On June 21st in Manila, Philippines, The Bank of the Philippine Islands (BPI) was brought before a Senate panel due to BPI’s system glitch which caused misposts on client accounts. However, BPI’s Ramon Jocson assured the Senate that its system glitch was 100% not a case of hacking. As he stated, “Your honor, [we are] 100 % definite it is not a hack”. He was able to assure this statement due to the fact that his company has a cyber security operations system sensor that detects people trying to get into their systems. Jocson continued to explain that this is due to their partnership with vendors such as CyberInt, FireEye and IBM that help them monitor their system. BPI was also joined by BDO in the hearing, as both had issues being addressed, following a 26-hour system shutdown.
Philippine Facts and Risk Exposures
The fact is that many Philippine firms can take heed to this event with BPI and BDO. Cyber criminals are going to continue to penetrate companies via ransomware and other attacks. BPI was lucky not just because the suspected hack was not a hack to begin with, but rather a human error. Also, because they were able to safely assure the judge and the public that they were absolutely positive that there was no penetration, due to their cyber security controls that they have in place.
It was found that in a new survey conducted by Professional Services Firm SGV & Co (SGV), that “64% of organizations do not have a formal threat intelligence program, or only have an informal one”. The Bangladesh bank heist and the Philippine hacking of election data are prominent incidents that should’ve been a wakeup call highlighting the countries weak network security infrastructure.
How Companies Should Prepare Themselves Moving Forward
According to Control Risks, threat actors are favoring social media platforms, specifically Facebook, rather than the dark web in order “to organize, recruit and gain members to participate in their campaigns”. Apart from cyber campaigns, hacker groups are recruiting members via Facebook. These groups are specifically in the regions of Malaysia, the Philippines and Bangladesh. So, it is expected that 2017 will be a fruitful year in cyber campaigns organized via this platform. In addition, it is expected that new hacker groups will be created using social media tools.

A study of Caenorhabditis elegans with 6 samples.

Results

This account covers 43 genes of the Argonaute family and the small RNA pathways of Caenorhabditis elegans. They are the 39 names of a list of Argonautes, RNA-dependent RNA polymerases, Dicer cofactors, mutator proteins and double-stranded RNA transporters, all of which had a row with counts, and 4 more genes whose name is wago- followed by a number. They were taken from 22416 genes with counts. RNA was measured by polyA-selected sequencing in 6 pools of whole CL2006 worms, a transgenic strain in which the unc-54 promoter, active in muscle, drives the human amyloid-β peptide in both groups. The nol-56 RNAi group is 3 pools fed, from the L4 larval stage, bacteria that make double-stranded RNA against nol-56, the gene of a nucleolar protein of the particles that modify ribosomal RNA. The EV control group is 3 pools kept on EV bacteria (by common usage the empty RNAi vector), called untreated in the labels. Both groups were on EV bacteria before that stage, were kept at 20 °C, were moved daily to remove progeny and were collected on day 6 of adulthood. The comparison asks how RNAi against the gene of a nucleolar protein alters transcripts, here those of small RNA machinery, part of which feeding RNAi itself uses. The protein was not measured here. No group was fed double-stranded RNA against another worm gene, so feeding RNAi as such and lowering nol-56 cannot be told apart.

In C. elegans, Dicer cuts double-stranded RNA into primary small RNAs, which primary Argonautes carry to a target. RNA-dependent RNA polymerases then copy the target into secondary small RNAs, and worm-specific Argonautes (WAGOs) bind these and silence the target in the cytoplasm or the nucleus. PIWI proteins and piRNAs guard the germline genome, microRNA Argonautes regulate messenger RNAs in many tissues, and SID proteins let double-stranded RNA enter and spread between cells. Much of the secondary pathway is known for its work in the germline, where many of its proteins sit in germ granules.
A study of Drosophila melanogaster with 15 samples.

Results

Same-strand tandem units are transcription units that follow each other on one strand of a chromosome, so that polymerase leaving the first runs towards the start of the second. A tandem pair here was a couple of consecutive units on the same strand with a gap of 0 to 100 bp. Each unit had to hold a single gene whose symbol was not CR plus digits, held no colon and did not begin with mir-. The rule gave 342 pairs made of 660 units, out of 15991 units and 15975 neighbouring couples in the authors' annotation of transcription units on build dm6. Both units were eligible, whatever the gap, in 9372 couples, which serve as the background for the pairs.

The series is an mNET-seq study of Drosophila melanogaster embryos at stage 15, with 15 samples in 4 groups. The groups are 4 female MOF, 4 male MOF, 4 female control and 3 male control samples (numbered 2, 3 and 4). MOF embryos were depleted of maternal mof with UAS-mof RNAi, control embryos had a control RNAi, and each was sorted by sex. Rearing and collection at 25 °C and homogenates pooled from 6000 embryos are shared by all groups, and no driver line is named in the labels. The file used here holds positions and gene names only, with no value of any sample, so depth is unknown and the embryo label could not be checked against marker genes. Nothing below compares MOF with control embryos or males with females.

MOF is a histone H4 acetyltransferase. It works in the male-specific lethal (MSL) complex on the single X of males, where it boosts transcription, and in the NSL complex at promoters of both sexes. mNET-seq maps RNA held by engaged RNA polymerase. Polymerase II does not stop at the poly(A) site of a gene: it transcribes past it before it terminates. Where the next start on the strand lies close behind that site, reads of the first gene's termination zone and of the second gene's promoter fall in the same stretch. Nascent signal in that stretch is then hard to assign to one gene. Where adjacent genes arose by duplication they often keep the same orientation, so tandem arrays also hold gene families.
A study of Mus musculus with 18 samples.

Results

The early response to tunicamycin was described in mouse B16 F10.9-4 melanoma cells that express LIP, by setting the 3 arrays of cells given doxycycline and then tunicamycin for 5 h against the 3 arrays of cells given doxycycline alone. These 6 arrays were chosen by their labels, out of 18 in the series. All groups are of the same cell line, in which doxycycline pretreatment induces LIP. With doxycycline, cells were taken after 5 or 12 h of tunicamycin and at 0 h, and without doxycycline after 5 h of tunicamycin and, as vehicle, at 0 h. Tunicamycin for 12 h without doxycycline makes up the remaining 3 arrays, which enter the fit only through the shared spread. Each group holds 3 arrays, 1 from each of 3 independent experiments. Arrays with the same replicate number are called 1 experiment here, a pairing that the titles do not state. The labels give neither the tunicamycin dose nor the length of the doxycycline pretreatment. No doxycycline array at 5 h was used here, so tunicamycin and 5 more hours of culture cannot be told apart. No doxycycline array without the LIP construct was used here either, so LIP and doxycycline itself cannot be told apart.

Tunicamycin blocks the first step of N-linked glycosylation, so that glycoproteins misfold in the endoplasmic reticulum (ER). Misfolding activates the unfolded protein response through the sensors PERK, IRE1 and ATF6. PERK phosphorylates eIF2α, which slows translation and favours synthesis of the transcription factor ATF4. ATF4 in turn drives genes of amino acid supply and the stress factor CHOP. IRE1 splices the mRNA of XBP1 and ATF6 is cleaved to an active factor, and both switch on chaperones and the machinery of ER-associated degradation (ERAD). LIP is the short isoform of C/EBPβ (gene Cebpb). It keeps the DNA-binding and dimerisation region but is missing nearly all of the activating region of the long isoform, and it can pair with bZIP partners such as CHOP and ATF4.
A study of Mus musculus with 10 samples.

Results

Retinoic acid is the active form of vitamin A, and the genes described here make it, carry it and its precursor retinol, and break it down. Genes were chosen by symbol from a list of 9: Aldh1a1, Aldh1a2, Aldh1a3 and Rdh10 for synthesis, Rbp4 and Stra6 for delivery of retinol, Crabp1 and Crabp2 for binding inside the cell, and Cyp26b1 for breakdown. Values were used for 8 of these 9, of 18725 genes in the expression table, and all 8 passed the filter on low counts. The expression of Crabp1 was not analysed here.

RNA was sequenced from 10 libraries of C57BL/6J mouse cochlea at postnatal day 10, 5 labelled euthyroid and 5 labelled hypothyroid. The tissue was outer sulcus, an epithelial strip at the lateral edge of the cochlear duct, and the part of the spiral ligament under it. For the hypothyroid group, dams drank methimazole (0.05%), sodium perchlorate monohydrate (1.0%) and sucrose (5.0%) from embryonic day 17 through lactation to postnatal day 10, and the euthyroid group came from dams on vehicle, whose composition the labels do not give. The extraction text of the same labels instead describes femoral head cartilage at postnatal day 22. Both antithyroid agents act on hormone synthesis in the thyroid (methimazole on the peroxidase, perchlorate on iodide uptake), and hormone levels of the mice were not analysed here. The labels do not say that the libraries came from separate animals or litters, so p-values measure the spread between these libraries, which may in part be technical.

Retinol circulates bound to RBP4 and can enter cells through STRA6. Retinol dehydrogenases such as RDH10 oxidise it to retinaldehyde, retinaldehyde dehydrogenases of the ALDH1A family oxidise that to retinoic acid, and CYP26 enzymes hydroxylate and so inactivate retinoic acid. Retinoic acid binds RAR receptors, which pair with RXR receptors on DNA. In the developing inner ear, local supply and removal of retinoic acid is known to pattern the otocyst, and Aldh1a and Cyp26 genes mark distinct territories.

The surprising fact here, is that in the SGV survey it stated that 50% of the participants said they had not experienced a major attack. But, 25 % of those that did, said they do not even know the extent of the financial damage to their organizations. This is a pretty scary thought and I think it is time to take off the blindfolds and deal with the threats before they become an even bigger issue to your organization.
Time to Take Action
As we mentioned previously in a report by Cybersecurity Ventures, Asia-Pacific is quickly becoming a serious market for cyber security, as cyber criminals target these emerging economies. Early detection, anticipating threat actors’ thoughts, what they are trying to achieve and how on any type of targeted threat is the only feasible way forward. Investing in the latest technology does not assure that your assets are protected as attack vectors are changing constantly. Threat actors are shifting their focus on assets beyond your perimeter such as social media and online assets.